Instructor: Justine Fritzel

Justine has been a Registered Nurse for 10 years and has a Bachelor's of Science in Nursing degree.

Serological cross-matching is a vital step in ensuring a safe blood transfusion. In this lesson, we will learn what serological cross-matching is and how it is done.

A Day in the Hospital Laboratory

Shelley is a new lab tech starting her first day at the hospital lab. She is orienting with an experienced lab tech named Mike. Her day starts with a tour of the lab and equipment until they receive orders for blood for a transfusion. A twenty-year-old young man was in a motorcycle accident and is in the emergency room.

Blood transfusions involve donated blood being transfused to a patient with blood loss. People have different types of antigens in their blood which determines what type of blood they have- A, B, AB, or O. Antigens are proteins that trigger an immune reaction.

If a person receives incompatible blood, these antibodies will trigger an immune response and attack the transfused blood cells. This is called an immune-mediated hemolytic reaction that involves fever, low blood pressure, respiratory and kidney failure. It can be fatal.

It is essential that blood is tested for compatibility before transfusing.

What Is Serological Cross-Matching?

Serological cross-matching is testing of blood to ensure compatibility prior to transfusion. Serological refers to blood serum versus non-serological cross-matching which involves the use of advanced technology to test for compatibility of blood.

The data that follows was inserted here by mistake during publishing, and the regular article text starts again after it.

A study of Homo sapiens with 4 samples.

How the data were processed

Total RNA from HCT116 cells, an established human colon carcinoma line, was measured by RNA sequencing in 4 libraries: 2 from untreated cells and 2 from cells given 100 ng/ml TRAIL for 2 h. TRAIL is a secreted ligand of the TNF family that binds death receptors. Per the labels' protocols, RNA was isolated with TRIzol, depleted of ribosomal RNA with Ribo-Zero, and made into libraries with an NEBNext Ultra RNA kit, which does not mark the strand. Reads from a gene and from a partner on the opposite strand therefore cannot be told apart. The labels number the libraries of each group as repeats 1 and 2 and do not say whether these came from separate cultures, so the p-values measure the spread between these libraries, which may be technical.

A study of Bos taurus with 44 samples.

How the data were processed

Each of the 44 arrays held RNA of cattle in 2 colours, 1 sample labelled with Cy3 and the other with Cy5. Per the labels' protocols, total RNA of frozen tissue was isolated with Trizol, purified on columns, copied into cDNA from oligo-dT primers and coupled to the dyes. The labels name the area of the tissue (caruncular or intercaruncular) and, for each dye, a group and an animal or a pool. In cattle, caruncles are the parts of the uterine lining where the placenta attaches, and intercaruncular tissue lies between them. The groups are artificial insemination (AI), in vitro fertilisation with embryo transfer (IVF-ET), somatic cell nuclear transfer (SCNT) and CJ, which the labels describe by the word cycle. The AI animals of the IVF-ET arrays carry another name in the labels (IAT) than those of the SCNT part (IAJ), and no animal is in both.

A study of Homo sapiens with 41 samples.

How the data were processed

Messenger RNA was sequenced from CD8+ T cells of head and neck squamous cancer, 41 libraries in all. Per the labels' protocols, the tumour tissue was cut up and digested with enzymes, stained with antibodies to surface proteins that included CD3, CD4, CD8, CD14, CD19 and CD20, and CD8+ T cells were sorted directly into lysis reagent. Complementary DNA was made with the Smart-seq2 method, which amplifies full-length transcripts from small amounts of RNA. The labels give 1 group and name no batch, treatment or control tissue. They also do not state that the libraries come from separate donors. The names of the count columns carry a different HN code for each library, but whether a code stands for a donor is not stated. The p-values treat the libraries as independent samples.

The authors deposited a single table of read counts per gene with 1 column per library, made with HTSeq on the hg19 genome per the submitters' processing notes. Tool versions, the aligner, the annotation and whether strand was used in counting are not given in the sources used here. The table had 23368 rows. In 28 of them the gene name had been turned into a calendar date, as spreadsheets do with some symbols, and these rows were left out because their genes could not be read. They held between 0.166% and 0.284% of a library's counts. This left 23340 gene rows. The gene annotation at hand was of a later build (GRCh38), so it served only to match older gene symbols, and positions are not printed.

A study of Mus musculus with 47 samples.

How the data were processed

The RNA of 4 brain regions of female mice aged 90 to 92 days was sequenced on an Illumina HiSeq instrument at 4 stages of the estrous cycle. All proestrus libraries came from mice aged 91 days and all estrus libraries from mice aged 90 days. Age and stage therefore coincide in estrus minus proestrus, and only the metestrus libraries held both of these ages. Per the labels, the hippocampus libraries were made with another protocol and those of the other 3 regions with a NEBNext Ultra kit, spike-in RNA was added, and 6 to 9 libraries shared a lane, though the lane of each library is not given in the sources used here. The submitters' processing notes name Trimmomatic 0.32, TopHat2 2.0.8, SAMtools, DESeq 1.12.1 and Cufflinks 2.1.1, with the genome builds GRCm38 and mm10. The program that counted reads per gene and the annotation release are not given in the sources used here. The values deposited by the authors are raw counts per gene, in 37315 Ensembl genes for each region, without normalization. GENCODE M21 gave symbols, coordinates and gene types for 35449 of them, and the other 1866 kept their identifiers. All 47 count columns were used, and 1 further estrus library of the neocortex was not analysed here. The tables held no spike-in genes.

Mike explains to Shelley that they will go to the emergency room to draw blood on the patient. The blood that they collect will be used to determine his blood type.


Blood is drawn to determine blood type
blood


Typically before cross-matching can be done, the patient's blood type has to be determined. This is through a blood test called type and screen. There are different steps to test the blood to determine which antigens are in the blood. This will determine the blood to be type A, B, AB, or O. Next a test is done to determine if another protein is present in the blood called Rhesus factor (Rh).

Mike tells Shelley that once the blood type is known, they can choose the correct type of donor blood to test for cross-matching. Type O blood doesn't have any antigens so it can be given to anyone regardless of blood type. A person with type AB blood can receive any type of blood- A, B, AB, or O. Type A and B can only receive their same type of blood or O.

They determine the injured man's blood type is A and Rh negative. Mike prepares to show Shelley the final step before the blood is ready for transfusion.

Process of Serological Cross-Matching

Since the patient has type A blood, Mike selects a donor blood unit that is also type A. He explains to Shelley that the last step prior to transfusion is cross-matching. Cross-matching involves testing the patient's blood and donor's blood for compatibility.

All of these steps are done to ensure the safest blood transfusion as possible. Knowing that incompatible blood can be fatal, it is essential to follow these steps.